Updated July 05, 2013
— File
— File

ISLAMABAD: Elections are long over and governments have been formed. Now is the time primarily for different political parties in the saddle in the four provinces to live up to their election promises.

They would all be striving to prove their worth during the next five years so that they can reclaim voters’ confidence.

On the face of it, the task of good performance should be easiest for the PML-N, which rules not only the majority and the most prosperous province, Punjab, but also commands absolute majority at the centre. Above all, the party has a long experience of governance and claims to have done well in the worst circumstances. This time, though, it faces huge challenges of fixing “a broken economy” and combating the demons of corruption and terrorism – and the energy crisis.

Some, however, may have an issue with the way PML-N tackles the admittedly daunting problems - like the Finance Minister Ishaq Dar’s triumphant announcement at a press conference on Thursday that the IMF (International Monetary Fund) had agreed in principle to lend Pakistan $5.3 billion to pay off an old IMF debt. “That is in line with our election manifesto,” he added.

Political analysts hope the PML-N would keep in mind that the bad performance of the PPP, its predecessor and traditional rival, confined the once popular party to its home base in Sindh. Its octogenarian leader Qaim Ali Shah is back in the chief minister seat there, with almost the same faces in his cabinet.

In Balochistan, the nationalists have been given the chance to manage the restive province.

It may be the Pakistan Tehrik-i-Insaf (PTI), however, that finds the going gets tough in Khyber Pakhtunkhwa. Of all the parties represented in the national and provincial assemblies, PTI is tasting power for the first time. PTI will be facing testing times since polling the second largest number of votes across the country, and giving a tough time to the PML-N in its home ground Punjab. It will be under tremendous pressure to put up a good show, both as a ruling and an opposition party.

But its inspiring leader Imran Khan sounds undaunted in taking on the challenge. Recently, he boasted that PTI would set such standards of performance in Khyber Pakhtunkhwa that it would be the envy of other provincial governments and also a role model.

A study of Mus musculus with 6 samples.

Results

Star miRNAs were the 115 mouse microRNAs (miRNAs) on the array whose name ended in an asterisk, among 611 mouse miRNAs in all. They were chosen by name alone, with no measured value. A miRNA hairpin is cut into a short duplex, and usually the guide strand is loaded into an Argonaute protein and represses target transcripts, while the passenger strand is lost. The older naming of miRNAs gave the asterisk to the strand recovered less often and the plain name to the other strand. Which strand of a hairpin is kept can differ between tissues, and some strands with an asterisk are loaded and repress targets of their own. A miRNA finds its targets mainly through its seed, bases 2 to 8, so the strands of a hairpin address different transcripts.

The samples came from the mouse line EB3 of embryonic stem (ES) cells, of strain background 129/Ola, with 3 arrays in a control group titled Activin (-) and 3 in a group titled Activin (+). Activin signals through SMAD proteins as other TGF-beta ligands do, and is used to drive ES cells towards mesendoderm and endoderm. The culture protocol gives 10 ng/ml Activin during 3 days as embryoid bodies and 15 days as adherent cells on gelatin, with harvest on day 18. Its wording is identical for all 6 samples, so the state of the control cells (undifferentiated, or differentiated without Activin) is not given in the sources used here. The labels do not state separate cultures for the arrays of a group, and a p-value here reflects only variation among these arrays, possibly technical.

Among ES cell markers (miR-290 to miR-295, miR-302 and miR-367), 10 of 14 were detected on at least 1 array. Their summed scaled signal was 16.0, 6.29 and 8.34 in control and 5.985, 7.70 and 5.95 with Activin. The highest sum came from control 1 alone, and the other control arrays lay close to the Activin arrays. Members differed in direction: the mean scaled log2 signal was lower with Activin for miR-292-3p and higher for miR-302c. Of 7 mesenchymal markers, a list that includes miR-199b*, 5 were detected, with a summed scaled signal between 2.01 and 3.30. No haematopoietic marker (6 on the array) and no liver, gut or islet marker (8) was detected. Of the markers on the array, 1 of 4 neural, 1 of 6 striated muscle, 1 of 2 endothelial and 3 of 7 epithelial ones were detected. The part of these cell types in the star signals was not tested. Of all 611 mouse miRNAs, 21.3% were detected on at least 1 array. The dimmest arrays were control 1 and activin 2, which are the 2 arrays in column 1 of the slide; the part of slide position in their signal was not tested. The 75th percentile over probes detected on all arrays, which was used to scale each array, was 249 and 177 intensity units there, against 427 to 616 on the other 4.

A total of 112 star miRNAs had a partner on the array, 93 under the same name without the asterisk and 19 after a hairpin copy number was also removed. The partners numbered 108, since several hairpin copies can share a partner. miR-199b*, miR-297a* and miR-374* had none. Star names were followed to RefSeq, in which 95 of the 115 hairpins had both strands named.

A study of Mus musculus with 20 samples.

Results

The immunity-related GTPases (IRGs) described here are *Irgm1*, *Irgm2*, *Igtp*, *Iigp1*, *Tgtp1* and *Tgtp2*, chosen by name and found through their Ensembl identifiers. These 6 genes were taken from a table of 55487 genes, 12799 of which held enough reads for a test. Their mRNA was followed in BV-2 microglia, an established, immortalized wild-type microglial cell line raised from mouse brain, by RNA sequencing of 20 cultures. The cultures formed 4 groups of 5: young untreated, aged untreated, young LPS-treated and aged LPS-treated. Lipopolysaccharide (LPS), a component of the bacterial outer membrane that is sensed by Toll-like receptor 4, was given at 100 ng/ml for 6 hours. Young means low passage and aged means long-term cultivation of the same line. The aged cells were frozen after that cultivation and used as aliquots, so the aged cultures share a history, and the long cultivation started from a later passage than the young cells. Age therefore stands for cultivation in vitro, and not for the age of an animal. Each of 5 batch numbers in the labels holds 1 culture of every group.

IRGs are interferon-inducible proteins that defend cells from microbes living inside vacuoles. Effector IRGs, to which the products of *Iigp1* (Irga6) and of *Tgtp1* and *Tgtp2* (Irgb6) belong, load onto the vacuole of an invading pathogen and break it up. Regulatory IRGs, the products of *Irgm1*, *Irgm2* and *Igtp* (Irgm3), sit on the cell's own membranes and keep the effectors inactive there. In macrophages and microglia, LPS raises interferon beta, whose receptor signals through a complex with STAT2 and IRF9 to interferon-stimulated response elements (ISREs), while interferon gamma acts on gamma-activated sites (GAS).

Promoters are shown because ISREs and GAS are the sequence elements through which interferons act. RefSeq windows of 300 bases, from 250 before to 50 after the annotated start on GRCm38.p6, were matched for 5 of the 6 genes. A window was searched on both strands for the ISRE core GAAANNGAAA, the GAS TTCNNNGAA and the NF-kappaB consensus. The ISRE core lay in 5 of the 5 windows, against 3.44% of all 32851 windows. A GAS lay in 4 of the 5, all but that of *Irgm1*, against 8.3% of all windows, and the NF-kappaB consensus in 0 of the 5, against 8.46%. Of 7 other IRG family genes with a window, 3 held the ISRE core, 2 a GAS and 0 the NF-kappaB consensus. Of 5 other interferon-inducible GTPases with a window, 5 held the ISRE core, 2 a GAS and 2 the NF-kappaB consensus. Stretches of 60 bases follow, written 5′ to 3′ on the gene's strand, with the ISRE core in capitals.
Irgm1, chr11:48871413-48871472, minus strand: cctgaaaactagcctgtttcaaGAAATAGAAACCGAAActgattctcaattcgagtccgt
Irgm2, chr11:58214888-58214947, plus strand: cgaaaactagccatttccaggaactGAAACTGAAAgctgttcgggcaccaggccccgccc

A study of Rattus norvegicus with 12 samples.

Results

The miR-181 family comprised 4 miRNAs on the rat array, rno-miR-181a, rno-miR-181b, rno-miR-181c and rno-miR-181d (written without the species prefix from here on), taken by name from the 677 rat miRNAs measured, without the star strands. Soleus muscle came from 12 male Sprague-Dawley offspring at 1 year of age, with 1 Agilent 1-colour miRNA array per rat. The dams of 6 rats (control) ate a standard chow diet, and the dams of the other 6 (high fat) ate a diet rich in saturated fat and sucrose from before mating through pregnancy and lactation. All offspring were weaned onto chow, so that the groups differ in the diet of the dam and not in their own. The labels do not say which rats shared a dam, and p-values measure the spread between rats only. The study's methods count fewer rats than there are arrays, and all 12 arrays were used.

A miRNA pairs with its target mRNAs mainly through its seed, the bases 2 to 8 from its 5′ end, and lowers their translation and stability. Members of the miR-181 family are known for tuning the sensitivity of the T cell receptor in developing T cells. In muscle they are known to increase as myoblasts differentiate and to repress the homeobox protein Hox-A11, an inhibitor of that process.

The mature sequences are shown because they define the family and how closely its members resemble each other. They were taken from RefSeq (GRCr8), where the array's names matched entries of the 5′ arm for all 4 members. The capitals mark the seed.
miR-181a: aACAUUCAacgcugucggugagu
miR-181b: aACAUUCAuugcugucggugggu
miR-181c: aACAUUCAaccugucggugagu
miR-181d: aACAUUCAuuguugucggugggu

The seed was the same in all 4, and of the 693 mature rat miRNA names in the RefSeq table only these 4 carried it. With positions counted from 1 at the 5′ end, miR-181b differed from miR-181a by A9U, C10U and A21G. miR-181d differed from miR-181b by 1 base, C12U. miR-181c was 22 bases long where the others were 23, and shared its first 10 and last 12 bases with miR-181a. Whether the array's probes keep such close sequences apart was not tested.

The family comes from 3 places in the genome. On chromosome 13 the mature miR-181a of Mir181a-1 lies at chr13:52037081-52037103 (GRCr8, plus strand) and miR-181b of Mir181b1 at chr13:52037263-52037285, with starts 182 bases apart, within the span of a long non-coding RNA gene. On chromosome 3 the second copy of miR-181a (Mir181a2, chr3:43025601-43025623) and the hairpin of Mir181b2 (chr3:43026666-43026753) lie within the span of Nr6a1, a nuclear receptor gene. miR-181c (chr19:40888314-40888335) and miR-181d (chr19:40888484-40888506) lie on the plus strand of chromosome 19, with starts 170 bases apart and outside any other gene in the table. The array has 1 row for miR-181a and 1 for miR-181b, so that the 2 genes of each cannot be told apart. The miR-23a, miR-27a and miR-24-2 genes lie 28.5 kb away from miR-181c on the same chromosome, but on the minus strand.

Political commentators agree that if the party achieves even half the boast in the violence-raked province, the next electoral fight in the country would be between the PML-N and PTI. Many believe it will be a make or break test for the party.

Imran Khan shared some of the initiatives the party proposes to undertake in KP with the district-level party office bearers of Punjab. In a meeting with them in Islamabad last Sunday, he said the party would set up a powerful autonomous accountability commission to give a corruption-free administration to the province.

Unlike the federal NAB (National Accountability Bureau), the KP commission will operate without any government control. It will be powerful enough to take to task even the province’s chief minister and his cabinet members for financial and administrative mismanagement.

That would be nothing less than a revolutionary development as every government, civil or military, that ever ruled the country claimed it would crush corruption but mostly ended up victimising its opponents in the name of accountability.

Imran Khan seems much impressed by the likes of Wikileaks’ founder Julian Assange and the most recent whistleblower Edward Snowden for he said he was working on a whistleblower act which will guarantee jobs and reward the government servants and private citizens who help unearth financial scandals in the provincial government departments.

Assange and Snowden have shaken up mighty governments all over the world by exposing their ‘dirty works’ done in secret.

Though bold and interesting, the idea still sounded unthinkable in a society where submission to the superior is order of the day and challenging seniors on moral grounds is near absent.

Then, according to Mr Khan, the PTI government in KP will introduce services act to make government departments accountable to the public. Under this law, if a certain department fails to initiate action within a stipulated time on the application of citizens, concerned officials will face financial penalties. And in the case of efficiency, the government will reward them with cash bonuses.

Even now, complaint cells exist in all government departments at the federal and provincial levels, seldom for the intended purpose. It will be interesting to see how the KP government addresses the problem such as a junior officer picking up the courage to take action on a complaint against the head of his department.

Associating wealthy overseas Pakistanis in the development of villages in KP is another unique idea the PTI leaders believe can do wonders in the province. Pakistani expatriates willing to help folks back home will be allotted villages to contribute to development work. Good concept but the good Samaritans would want law and order improved first.

With kidnapping for ransom and other crime an ever-present possibility, the number of overseas Pakistanis trekking home for vacations has been falling. It will take real improvement in the security situation to induce them to spare time and money and visit a remote village in district Ugi or on the Babusar top where militants frequently strike in sectarian frenzy.

Still, the PTI has to meet the challenges and perform to be true to its leader’s claim that “nobody can stop the PTI from winning the 2018 general elections”.